Former copywriter and creativity pundit Dave Trott tells a story about George Patton to make a point about advertising language. The US general once told a journalist, ‘When I want my men to remember something important, to really make it stick, I give it to them double dirty [...] You can't run an army without profanity.’
The point here is not that swearing is innately useful, it’s that you need to speak the language of your audience and if that means getting a bit savage, do it.
The brands that we spoke to with the strongest voice on Twitter agreed that letting corporate tones or jargon leak into the messaging is the fastest way to ruin a conversation.
When Crock-Pot was blamed for the death of the beloved patriarch Jack Pearson on the TV show This is Us, the brand took to Twitter to conduct damage control. Social media director Ashley Mowrey had to convince her leadership team to abandon the brand's regular tone of voice.
‘We used a lot of emojis', explains Mowrey. 'We also used a lot of the same vernacular that they were using [...] One that sticks out in my mind said, ‘Our hearts are broken,’ and we used the broken heart emoji and said, ‘Jack was our BFF too.’ I think that was one of the Tweets that was most reposted.’
Professor Karen Nelson-Field, executive director at The Centre for Amplified Intelligence, who has written extensively on the science of sharing, told Contagious, ‘Anything that's highly emotional [...] will get shared more.’ That rule is true for content in any medium but Nelson-Field has found that, ‘Not only do high arousal videos share more, but they cut through. They help you be remembered.’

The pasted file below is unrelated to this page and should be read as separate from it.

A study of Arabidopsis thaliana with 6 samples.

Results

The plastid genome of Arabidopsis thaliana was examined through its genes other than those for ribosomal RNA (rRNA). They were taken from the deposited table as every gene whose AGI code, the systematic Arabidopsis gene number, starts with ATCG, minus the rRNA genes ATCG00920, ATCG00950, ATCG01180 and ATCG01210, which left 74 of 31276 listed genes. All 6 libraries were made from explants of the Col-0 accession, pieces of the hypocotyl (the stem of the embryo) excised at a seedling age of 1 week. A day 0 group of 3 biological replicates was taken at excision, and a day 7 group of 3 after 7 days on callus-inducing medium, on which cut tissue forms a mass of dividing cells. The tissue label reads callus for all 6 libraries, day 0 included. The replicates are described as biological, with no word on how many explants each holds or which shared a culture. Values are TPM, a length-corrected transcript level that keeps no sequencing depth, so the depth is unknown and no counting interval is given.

The Crock-Pot campaign, created with agency Edelman, generated 3.7 billion impressions and won a Silver Lion in the PR category at Cannes, and Crock-Pot enjoyed a $300,000 bump in its February sales. Looking back, Mowrey says the brand's only misstep at the time was to issue a media statement in its usual corporate tone of voice: ‘That would probably be my only regret.’
The most reliable way to avoid sounding like a corporation desperate to infiltrate the Twitter ranks is to demonstrate the two qualities that companies almost never display: self-awareness and self-deprecation.
VMLY&R’s Jen McDonald believes one other quality is a prerequisite. She says fearlessness is necessary to get the Twitter tone right, ‘because I think everything that we’ve done that’s exploded has made some people a little uncomfortable at first, before it gets out into the world’.
If that wasn’t anxiety-inducing enough for a brand, speed is a necessity, too. Take too long to diligently weigh the pros and cons of a message and you will have missed the moment of impact. As a result, we found that many agencies and brands like to set out clear and definitive guardrails for what cannot be said but allow anything in between those extremes.